The following press release is courtesy of SalmonState:
Tribal representation and comanagement, comprehensive habitat protection in the face of climate change, need for trawl bycatch reduction take center stage during Senate testimony on AYK salmon declines
November 10, 2023
FOR IMMEDIATE RELEASE
BETHEL, ALASKA—On Friday the Yukon Kuskokwim Health Corporation hosted more than one hundred Alaska Native leaders and community members in the main meeting hall of the Bethel campus for a field hearing held by the U.S. Senate Indian Affairs Committee. Senator Lisa Murkowski chaired the meeting as invited expert witnesses and community members spoke on the record about the deeply felt impact of wild salmon declines along Arctic, Yukon, Kuskokwim Rivers. They emphasized the importance of giving salmon every chance possible to rebound, Tribal representation and comanagement in all fisheries management regimes, and the need for immediate action to address declines.
“While climate change is not easily or directly controllable by fishery management entities like the National Marine Fisheries Service (NMFS) and U.S. Fish and Wildlife Service, addressing the impacts of commercial fishery bycatch and meaningful integration of Tribes into management processes are. Yet it is climate change that receives the blame for our salmon crises without considering the fallacy of Western management principles that have eroded thousands of years of Indigenous stewardship principles and pushed salmon over the brink,” testified Jonathan Samuelson, representing the Kuskokwim River Inter-Tribal Fish Commission.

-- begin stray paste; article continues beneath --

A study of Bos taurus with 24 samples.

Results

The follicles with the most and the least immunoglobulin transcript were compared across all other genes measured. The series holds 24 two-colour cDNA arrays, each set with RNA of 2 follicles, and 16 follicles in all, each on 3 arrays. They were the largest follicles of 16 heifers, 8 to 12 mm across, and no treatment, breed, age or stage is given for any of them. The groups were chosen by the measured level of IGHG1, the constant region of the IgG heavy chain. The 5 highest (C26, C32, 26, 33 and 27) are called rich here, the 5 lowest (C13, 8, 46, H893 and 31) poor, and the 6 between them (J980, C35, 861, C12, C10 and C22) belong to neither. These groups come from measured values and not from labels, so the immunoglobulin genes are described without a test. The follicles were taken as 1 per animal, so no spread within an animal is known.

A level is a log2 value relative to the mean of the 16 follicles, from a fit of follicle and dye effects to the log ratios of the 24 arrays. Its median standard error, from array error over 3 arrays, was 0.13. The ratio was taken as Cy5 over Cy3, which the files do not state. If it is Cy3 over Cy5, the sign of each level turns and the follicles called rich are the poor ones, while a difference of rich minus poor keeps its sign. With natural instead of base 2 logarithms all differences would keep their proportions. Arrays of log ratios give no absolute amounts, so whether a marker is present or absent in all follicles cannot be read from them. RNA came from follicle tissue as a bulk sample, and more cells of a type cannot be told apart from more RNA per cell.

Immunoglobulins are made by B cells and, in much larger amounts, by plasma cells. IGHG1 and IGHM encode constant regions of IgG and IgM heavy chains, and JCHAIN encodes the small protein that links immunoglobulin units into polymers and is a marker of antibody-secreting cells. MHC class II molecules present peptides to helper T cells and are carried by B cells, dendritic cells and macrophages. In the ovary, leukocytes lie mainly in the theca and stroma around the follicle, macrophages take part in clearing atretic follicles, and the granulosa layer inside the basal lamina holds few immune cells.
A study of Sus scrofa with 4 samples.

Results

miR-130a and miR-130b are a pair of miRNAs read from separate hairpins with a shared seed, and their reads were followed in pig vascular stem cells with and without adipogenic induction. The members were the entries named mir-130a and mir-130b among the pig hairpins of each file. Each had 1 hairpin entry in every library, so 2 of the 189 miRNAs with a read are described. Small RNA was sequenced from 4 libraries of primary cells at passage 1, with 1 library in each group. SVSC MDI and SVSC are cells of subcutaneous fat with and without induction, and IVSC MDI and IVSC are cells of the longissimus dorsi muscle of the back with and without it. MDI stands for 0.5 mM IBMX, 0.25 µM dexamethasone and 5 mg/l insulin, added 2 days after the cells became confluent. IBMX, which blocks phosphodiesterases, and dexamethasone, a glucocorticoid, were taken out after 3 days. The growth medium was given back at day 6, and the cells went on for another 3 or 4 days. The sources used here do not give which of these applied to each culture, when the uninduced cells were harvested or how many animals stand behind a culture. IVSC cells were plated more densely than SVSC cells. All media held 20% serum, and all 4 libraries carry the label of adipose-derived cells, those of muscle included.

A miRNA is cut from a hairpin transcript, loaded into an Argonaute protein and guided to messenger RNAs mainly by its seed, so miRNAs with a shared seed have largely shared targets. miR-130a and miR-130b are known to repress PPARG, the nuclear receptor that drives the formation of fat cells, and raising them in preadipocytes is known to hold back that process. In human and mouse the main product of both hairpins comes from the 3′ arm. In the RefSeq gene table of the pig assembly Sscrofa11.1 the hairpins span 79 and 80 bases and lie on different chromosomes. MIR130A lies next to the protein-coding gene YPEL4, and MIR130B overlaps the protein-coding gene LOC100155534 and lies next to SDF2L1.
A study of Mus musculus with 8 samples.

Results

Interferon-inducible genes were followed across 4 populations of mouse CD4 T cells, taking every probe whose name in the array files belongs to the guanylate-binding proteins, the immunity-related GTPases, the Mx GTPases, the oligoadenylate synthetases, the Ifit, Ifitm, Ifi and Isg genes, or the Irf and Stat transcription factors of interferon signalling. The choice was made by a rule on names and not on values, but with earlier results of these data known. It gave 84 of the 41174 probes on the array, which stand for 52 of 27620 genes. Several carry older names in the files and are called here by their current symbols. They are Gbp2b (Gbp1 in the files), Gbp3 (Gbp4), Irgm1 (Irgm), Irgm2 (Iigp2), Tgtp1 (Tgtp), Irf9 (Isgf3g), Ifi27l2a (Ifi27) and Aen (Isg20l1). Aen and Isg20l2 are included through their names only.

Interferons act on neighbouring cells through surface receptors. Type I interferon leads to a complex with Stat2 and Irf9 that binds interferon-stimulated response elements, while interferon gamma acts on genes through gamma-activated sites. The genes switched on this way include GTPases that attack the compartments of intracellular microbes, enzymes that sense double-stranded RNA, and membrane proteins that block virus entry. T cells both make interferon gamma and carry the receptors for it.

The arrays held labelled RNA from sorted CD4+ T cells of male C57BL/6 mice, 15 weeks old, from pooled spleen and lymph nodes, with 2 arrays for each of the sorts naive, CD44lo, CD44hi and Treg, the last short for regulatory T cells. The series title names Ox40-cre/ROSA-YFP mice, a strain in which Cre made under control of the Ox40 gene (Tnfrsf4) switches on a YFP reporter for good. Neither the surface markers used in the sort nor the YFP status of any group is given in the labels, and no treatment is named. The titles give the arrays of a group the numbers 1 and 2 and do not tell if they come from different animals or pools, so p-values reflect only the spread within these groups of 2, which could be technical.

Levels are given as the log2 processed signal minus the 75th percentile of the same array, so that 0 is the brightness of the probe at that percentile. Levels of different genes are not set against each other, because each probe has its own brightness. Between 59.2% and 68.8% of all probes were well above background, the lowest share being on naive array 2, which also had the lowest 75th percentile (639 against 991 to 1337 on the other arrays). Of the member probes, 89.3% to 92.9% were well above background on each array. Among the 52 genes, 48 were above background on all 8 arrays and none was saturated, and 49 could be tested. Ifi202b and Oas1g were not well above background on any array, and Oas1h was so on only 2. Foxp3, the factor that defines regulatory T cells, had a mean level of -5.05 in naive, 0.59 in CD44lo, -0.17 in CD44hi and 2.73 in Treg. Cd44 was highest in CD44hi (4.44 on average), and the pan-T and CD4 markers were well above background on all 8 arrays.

“Salmon population crashes along Arctic, Yukon and Kuskokwim Rivers are a human rights crisis and an ecological disaster,” said SalmonState Executive Director Tim Bristol after the hearing. “We urge the Biden Administration to heed those who spoke today and to act quickly to update national standards governing the trawl fleet’s prolific, unconscionable bycatch.”
Salmon connect Alaska’s oceans and freshwater habitat, swimming from their birth waters in freshwater streams and rivers, out to sea, and returning to begin the cycle again. Those from AYK rivers are intercepted in the tens of thousands by trawlers, also known as draggers, which drag nets the size of football fields through federal waters in search of whitefish like pollock and sole. Trawling is the most wasteful fishery in Alaska, bycatching and largely dumping overboard dead 141 million pounds of marine life each year, on average.
Thousands of Alaskans and Americans recently commented in favor of updating the guidelines interpreting three of ten National Standards, which guide the implementation of federal fisheries law.